21/06/2017 - Countries should continue shifting farm policy away from direct support for the market price of agricultural products toward programmes that promote sustainable productivity growth and improve resilience to climate change and market-related shocks, according to a new report from the OECD.
Agricultural Policy Monitoring and Evaluation finds that the 52 countries studied – representing all OECD and EU countries, and 11 key emerging economies – provided on average USD 519 billion (EUR 442 billion) annually to support agricultural producers during the 2014-16 period. Sixty percent of this support is provided by maintaining prices on domestic markets higher than those on international markets.
Government farm supports as a whole represented 16% of producer receipts in the countries studied, compared with 21% twenty years ago. The reductions in support levels reported in some OECD countries contrast with increased support levels in some emerging economies.
Support for general services to agriculture – including investments in people as well as innovation, knowledge and information systems, physical infrastructure, and in biosecurity services – was USD 90 billion (EUR 77 billion) in 2014-16. These services help create an enabling environment that allows agricultural and food production to be responsive, sustainable and resilient to external shocks, and are preferable to price support.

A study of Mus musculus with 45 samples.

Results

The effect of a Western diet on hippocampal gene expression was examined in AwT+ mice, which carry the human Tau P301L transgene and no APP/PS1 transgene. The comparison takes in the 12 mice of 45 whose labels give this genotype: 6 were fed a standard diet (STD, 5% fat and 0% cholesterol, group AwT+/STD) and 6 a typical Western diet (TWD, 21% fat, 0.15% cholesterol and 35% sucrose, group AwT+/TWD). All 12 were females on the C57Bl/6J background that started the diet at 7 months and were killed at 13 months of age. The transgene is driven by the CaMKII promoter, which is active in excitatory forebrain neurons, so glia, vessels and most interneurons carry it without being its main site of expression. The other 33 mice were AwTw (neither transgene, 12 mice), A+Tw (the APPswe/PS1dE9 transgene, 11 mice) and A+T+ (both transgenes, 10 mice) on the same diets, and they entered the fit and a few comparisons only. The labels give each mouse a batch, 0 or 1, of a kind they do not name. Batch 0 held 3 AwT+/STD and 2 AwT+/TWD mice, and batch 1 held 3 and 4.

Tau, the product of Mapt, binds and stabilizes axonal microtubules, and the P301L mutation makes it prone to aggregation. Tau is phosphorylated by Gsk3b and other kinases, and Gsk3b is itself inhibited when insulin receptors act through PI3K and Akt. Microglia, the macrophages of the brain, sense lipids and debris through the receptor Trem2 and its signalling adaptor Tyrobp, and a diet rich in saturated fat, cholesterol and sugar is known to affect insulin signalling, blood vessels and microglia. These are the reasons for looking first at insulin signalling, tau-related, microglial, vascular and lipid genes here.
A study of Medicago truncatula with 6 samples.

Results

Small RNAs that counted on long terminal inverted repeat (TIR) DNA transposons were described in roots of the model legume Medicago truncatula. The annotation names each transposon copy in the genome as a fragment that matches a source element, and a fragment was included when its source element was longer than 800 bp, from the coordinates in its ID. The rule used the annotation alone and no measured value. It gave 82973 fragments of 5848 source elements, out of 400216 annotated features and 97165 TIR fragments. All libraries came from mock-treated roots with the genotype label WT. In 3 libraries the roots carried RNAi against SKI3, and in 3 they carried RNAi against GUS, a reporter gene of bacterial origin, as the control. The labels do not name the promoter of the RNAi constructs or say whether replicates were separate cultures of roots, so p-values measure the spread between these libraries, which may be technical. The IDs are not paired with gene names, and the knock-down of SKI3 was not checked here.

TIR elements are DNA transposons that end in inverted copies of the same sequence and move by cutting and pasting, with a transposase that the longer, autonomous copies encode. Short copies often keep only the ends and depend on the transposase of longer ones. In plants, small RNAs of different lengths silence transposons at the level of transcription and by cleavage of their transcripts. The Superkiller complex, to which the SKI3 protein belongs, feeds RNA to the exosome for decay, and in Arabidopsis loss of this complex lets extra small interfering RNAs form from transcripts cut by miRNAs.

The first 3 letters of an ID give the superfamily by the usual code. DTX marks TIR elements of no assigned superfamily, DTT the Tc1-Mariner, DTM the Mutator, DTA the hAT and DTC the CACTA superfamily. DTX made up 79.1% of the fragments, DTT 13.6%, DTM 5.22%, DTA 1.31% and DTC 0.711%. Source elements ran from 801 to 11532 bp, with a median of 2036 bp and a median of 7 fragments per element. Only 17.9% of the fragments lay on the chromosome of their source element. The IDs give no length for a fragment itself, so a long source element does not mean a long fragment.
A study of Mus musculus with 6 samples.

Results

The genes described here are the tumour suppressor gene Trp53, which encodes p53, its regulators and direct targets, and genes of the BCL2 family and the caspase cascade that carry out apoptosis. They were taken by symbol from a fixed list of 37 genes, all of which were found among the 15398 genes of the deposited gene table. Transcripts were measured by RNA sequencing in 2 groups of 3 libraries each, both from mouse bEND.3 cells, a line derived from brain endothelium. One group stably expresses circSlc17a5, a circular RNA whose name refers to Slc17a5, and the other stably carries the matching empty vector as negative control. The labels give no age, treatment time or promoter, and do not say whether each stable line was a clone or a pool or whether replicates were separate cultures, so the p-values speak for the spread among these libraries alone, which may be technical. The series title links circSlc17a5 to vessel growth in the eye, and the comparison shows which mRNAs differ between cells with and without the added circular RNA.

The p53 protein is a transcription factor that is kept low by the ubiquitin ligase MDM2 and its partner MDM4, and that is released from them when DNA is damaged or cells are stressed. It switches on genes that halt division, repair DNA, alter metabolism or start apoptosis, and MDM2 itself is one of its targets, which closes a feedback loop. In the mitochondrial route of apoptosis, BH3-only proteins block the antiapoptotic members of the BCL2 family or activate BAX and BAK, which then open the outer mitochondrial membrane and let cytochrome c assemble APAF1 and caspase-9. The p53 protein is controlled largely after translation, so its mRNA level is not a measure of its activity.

“Supporting market prices harms consumers, particularly the poorest, and reduces the food industry’s competitiveness,” said Ken Ash, Director of the OECD Trade and Agriculture Directorate. “Governments need to focus on agricultural policies, and particularly investments, that better align with their economy-wide goals.”
The OECD underlines the need to reduce the use of output payments and input subsidies, which are generally an inefficient use of government funds, fail to achieve desired policy objectives and often inadvertently contribute to the unsustainable use of resources. These policies should be replaced with those better tailored to achieving resilience, competitiveness and sustainability to forthcoming climate change.
While direct payments to farmers are increasingly being used to support farm incomes, the report shows that the funds are often not well targeted to those most in need. Rather than boosting such payments, countries should address the factors behind persistently low farm incomes.
While direct payments are increasingly used to encourage farmers to produce non-market goods or services, the OECD suggests that governments take steps to better target this form of support .
The report calls for greater efforts to develop risk management tools that distinguish among normal business risks, risks amenable to market solutions and the catastrophic risks that require public engagement.
Further information on Agricultural Policy Monitoring and Evaluation is available at: http://www.oecd-ilibrary.org/agriculture-and-food/agricultural-policy-monitoring-and-evaluation-2017_agr_pol-2017-en.
Media enquiries should be addressed to Frank van Tongeren, of the OECD Trade and Agriculture directorate (+33 6 1572 0118), or the OECD Media Office (+33 1 4524 7970).